2007_12_mp3.jpgLet's go to the audiotape digital recording! A Bronx detective was indicted on perjury charges after claiming in court that he never interrogated a teen shooting suspect - only for the teen to reveal he recorded the interrogation.

Back in December 2005, 17-year-old Erik Crespo was accused of shooting a man in a High Bridge apartment building. He was arrested and when Detective Christopher Perino interviewed him, he used an MP3 player to record their conversation. Crespo's lawyer explained his client made the recording because he did not trust the police. Excerpts from the NY Times and Post that show the strong-arm interrogation tactics seen on TV dramas are not that far off:

From the Times

“I can make sure you don’t see the judge for three days,” Detective Perino told him, according to the transcript.

The detective also repeatedly tried to dissuade the suspect from consulting a lawyer, even though Mr. Crespo told him that he wished he had a lawyer to advise him, according to the transcript.

“I don’t know what to do, man,” Mr. Crespo said. “I wish I had some help. A lawyer or something. I don’t know what to do.”

From the Post
"You don't want to give a statement - I don't give a (expletive)," Perino said, according to a transcript. "But just remember I'm never gonna have your side of the story when I walk into a court of law."

Without the statement, Perino warned, the court would rely on security video and the victim's version of the shooting.

"He's the victim," said Perino, a 19-year veteran. "He's a scumbag, but he's the victim. You following me? He can go up there... and tell them whatever the (expletive) he wants to tell them."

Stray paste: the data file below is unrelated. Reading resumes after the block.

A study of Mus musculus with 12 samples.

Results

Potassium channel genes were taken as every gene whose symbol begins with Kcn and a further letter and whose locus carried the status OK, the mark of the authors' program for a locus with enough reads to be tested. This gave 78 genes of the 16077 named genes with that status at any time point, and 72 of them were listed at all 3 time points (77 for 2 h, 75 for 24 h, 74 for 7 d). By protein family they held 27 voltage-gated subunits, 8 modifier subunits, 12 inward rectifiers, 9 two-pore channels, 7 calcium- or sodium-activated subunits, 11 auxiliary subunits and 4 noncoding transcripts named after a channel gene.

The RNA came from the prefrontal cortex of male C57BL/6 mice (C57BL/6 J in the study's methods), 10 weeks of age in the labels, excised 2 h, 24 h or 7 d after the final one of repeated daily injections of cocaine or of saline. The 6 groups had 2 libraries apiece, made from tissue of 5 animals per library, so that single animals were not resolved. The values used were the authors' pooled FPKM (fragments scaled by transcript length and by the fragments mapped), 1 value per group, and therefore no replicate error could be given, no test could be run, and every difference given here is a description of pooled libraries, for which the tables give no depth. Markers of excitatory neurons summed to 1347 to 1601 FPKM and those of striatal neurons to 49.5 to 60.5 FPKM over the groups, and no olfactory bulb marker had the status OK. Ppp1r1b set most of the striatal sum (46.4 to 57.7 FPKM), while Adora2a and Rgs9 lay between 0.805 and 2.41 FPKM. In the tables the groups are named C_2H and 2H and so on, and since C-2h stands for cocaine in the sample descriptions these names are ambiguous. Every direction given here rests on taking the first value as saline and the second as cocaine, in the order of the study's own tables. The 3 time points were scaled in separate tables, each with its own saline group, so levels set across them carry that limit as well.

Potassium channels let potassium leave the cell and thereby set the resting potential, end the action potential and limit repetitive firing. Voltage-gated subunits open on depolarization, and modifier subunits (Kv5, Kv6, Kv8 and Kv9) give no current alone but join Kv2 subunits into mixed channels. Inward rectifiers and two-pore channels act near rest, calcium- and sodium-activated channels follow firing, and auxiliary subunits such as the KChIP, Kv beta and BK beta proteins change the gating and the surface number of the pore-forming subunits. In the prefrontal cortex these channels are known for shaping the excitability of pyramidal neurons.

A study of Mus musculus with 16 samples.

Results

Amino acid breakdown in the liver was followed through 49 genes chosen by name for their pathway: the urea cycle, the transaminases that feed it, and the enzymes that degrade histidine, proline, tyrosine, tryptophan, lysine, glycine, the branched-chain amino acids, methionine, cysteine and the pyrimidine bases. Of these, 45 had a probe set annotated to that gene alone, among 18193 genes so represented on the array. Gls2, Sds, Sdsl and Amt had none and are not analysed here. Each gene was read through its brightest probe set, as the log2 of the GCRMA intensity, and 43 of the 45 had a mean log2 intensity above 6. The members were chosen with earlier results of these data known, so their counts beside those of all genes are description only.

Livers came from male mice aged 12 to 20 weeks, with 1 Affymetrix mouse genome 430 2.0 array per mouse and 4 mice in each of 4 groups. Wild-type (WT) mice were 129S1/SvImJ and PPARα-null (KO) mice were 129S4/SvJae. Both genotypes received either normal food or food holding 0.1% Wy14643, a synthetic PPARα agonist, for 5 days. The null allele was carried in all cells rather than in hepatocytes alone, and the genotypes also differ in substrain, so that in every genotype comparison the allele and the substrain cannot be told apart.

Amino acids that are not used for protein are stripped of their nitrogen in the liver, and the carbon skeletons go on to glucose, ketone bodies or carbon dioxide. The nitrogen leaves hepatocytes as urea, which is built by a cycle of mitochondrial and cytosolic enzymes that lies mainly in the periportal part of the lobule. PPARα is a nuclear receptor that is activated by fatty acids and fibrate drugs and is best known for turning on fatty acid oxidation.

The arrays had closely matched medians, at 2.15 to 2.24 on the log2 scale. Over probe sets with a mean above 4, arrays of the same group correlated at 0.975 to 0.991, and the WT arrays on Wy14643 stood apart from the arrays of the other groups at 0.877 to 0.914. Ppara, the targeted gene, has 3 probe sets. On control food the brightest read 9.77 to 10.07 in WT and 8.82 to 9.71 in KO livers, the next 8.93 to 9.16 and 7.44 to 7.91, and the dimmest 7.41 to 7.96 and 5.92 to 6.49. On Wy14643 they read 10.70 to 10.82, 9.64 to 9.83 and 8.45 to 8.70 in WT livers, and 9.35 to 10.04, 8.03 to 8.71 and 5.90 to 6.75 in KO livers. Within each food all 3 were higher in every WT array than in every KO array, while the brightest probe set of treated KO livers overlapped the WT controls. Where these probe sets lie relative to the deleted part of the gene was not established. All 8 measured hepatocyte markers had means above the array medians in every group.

During Crespo's trial, Perino repeatedly said he did not interrogate the defendant, making way for the defense to introduce the recording.

A police source told the Daily News that Perino "simply forgot about the interview when he took the witness stand." And Perino himself said, "I'm overworked . . . Anybody who knows me knows I'm walking around half-dead," and, per the Post, mentioned "he was working two jobs, his wife was sick, he has four kids, and he was juggling as many as 40 cases at the time."

Crespo was offered a 7-year sentence for weapons possession after the recording was disclosed; he had been facing attempted murder charges and up to 25 years in prison. Perino was charged with 12 counts of perjury, each with a maximum sentence of seven years. Bronx DA Robert Johnson said, "These are very serious charges that put the safety of all law-abiding citizens at risk, because they undermine the integrity and foundation of the entire criminal justice system. This indictment hopefully will send a strong message that anyone in law enforcement who engages in illegal conduct of this nature will be dealt with to the full extent of the law."